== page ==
The wonderful thing about Johannesburg is the state of the roads. Miles and miles of smooth, unblemished tarmac and never a traffic light. Or was that Copenhagen? I get the two confused.
If you are getting exhausted by out of action junctions and are impoverished by continually crashing into potholes, Microsoft and the Johannesburg Roads Agency (JRA) think they have just the app for you.
It’s called Find&Fix and it’s been developed by SA company Intervate (which was purchased by T-Systems back in February) and gives drivers a way to report infrastructure issues within a couple of taps on their smartphone.
The app covers potholes, faulty traffic signals, storm water drains, manhole covers and more. You simply snap a photo and share GPS co-ordinates directly from your phone, and works on all Windows Phone, Android and an iOS version is in the works. There’s no BlackBerry support planned, and merely clever phones like the Nokia Asha series are no good either. Find&Fix will not be available for tablets either – it’s a phone only program at the moment.
JRA says that Find&Fix will help to improve their services by speeding up reporting of problems, accurately tagging their location and cutting down on the amount of time spent sifting through multiple reports of the same problem and therefore bringing all kinds of efficiencies to the way repair teams are dispatched.
Internally, JRA is divided into seven regional teams which, it says, often struggle to pinpoint problems and work over each other. Improving accuracy in reporting will help it to manage resources.
Managing director of JRA, Skhumbuzo Macozoma, says that Find&Fix is part of a massive revamp of the agency’s internal IT systems designed to bring it into the 21st century. Under his watch, he says, the agency’s focus is on becoming an “engineering centre of excellence.” As part of a 10 year plan, the agency has focussed on auditing the city’s streets and focussing resources where they are of most use, rather than wasting money patching up roads which really need replacing.
“Everything else is there to support the engineering work we do,” Macozoma says.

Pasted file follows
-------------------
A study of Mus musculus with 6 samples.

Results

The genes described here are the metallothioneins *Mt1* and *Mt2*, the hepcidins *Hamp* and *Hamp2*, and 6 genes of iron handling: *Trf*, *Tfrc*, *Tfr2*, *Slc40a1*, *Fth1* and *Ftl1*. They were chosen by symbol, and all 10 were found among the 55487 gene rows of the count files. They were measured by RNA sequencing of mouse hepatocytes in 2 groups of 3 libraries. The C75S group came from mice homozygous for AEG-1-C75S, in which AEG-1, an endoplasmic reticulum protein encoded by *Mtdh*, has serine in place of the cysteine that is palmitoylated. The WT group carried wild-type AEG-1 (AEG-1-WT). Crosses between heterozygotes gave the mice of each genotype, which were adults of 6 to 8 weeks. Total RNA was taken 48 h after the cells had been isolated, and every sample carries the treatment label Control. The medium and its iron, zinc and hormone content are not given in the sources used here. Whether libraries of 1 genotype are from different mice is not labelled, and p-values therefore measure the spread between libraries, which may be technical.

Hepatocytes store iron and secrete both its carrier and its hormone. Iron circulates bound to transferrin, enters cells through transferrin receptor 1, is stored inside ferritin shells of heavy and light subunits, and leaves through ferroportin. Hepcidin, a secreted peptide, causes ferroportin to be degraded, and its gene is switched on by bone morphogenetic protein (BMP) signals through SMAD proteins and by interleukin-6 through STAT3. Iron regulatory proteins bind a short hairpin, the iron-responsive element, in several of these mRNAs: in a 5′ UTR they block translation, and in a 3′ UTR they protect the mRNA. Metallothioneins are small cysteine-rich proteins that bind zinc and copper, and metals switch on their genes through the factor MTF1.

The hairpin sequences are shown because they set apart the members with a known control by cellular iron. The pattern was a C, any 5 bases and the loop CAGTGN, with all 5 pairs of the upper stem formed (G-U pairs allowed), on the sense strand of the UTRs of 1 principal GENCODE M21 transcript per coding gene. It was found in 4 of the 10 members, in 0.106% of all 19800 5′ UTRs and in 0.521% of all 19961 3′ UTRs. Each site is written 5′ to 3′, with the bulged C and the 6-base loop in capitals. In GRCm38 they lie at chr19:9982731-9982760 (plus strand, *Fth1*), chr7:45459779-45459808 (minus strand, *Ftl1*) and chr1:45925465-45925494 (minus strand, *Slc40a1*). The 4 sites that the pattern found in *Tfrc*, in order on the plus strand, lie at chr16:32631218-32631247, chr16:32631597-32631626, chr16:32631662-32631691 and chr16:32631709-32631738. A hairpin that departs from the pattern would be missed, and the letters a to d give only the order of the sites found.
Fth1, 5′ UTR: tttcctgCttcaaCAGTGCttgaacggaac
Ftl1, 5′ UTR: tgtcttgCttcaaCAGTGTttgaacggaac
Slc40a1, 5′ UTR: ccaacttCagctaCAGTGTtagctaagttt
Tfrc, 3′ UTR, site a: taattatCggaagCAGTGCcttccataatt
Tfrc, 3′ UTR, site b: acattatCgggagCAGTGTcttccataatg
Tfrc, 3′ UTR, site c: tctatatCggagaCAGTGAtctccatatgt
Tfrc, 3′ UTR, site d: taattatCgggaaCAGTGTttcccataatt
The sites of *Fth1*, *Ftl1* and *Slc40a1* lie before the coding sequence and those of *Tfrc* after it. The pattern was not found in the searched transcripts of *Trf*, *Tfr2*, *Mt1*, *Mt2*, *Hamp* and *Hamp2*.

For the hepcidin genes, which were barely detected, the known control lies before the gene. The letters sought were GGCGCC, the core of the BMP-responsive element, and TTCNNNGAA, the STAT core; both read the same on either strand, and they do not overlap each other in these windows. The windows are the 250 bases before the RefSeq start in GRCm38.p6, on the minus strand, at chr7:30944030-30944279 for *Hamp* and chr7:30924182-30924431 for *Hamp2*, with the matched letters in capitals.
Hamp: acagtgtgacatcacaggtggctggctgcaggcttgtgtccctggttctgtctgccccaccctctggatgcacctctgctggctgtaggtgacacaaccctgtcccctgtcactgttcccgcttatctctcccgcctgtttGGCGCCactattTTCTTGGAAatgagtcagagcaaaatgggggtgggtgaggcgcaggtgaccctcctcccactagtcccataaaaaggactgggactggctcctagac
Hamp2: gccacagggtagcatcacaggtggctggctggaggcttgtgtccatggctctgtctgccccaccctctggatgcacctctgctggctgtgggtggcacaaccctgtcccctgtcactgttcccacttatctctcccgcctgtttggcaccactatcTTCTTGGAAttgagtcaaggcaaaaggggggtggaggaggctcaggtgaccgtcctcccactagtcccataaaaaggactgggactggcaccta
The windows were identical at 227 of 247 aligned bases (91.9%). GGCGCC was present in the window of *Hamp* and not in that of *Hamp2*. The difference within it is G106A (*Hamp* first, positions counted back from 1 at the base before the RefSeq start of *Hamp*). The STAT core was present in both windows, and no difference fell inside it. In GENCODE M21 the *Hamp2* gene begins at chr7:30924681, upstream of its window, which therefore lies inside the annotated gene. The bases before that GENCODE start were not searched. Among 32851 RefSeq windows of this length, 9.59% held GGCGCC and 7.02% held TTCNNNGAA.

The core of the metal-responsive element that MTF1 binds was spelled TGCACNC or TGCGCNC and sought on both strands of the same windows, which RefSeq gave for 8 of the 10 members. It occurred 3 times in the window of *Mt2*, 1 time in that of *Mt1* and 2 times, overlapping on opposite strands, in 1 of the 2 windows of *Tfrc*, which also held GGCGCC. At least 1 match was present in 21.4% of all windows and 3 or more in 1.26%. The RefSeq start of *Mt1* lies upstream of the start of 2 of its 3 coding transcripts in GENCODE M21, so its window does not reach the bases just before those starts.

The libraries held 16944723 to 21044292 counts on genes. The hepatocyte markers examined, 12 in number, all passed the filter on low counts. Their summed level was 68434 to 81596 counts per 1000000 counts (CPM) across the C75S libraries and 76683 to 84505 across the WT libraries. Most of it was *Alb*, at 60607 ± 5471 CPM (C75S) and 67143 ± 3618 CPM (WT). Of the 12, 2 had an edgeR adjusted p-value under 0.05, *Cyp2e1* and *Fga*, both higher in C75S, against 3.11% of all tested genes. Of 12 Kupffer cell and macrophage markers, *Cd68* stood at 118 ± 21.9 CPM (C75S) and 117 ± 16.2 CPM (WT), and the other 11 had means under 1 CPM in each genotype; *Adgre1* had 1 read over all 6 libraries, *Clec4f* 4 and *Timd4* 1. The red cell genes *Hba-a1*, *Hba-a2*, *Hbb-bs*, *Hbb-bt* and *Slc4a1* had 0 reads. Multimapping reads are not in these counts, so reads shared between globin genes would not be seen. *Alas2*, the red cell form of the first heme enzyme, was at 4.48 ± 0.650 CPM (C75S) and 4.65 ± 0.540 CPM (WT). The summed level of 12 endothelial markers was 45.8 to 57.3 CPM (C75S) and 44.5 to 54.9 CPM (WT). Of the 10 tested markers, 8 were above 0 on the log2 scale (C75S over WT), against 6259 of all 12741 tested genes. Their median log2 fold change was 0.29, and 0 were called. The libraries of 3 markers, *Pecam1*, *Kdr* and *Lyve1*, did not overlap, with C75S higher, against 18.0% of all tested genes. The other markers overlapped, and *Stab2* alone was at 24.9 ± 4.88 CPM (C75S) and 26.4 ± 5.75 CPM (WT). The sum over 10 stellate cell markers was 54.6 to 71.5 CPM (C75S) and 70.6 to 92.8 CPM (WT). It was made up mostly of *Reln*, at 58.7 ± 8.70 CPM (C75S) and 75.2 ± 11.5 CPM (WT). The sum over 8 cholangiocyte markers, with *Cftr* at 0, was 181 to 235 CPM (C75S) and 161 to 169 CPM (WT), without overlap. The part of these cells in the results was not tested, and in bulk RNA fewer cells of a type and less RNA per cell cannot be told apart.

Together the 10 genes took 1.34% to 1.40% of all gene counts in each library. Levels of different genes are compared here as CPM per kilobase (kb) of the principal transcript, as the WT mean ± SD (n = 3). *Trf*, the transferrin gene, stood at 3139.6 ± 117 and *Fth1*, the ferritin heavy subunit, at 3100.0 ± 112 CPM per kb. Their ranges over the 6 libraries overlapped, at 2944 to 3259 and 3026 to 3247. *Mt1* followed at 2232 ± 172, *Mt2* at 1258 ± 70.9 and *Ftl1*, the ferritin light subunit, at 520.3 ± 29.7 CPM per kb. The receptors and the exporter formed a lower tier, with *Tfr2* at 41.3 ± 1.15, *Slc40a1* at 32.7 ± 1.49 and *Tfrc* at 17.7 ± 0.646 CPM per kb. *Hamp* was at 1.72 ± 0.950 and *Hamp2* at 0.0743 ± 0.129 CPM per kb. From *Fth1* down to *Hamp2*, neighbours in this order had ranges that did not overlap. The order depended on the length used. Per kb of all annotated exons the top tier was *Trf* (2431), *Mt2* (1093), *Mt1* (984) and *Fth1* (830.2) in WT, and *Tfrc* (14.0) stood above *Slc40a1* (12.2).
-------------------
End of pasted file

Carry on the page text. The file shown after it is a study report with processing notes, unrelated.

Find&Fix also forms part of a strategy to get rid of nepotism in the JRA, according to Macozoma. “An ordinary citizen should be able to log a call in exactly the same way and with the same priority as a VIP,” he says.
JRA has also invested in expanding its customer facing side to social media as well as the call centre. Find&Fix also bypasses the traditional bureaucracy around issue reporting. Macozoma explains that traditionally, a call was logged at the call centre, passed to JRA, distributed to a regional team and eventually turned into a work order. Reports sent via the app will be immediately directed to the regional teams to await processing.
Macozoma says that JRA has also been turned around financially, going from heavily-indebted to cash-positive in just 18 months. He’s also managed to increase the overall JRA budget two and a half times already, and is set to double it again this year.
There are obvious concerns about driver safety – after all, operating a mobile phone while you’re driving is illegal in South Africa. Macozoma says that reporting is done in a single tap, and can be supplemented with photo evidence later.
The other potential issue is with connectivity problems when the app is under load. For example, in the recent storms thousands of people could have been submitting reports simultaneously. Intervate’s Lionel Moyal says that Find&Fix has been extensively tested using Microsoft’s Azure servers to scale quickly when required.
Of course, reporting problems is only one part of what’s needed to bring the city into the future. Equally important is communication back from JRA on how repairs are progressing and the ability of citizens to hold governmental organisations to account. If you report a problem and it vanishes into the system, what redress do you have when it doesn’t get addressed?
I’ve written before about the open source Open 311 system that operates in many US cities – its power lies in the ability to hold service providers to account. If unfixed problems are visible, it increases pressure on those responsible for fixing them.
Sadly, at the moment there are no plans to make all the data collected public. Some issues, however, will be flagged up in the app to highlight known problems in your immediate area.
“Our main objective was to simplify communication between JRA and road users,” says JRA IT manager Krushen Pillay, “And show the public how our service works… and share their experience of using the roads with others.”
Pillay says that future development of Find&Fix will include the ability to broadcast problems to users based on their position, so if your phone detects that you’re approaching a junction where the lights are out it will warn you.
According to Macozoma, the City of Joburg is watching the JRA’s work closely on this one, and has its own plans for a civic reporting app which it will launch soon.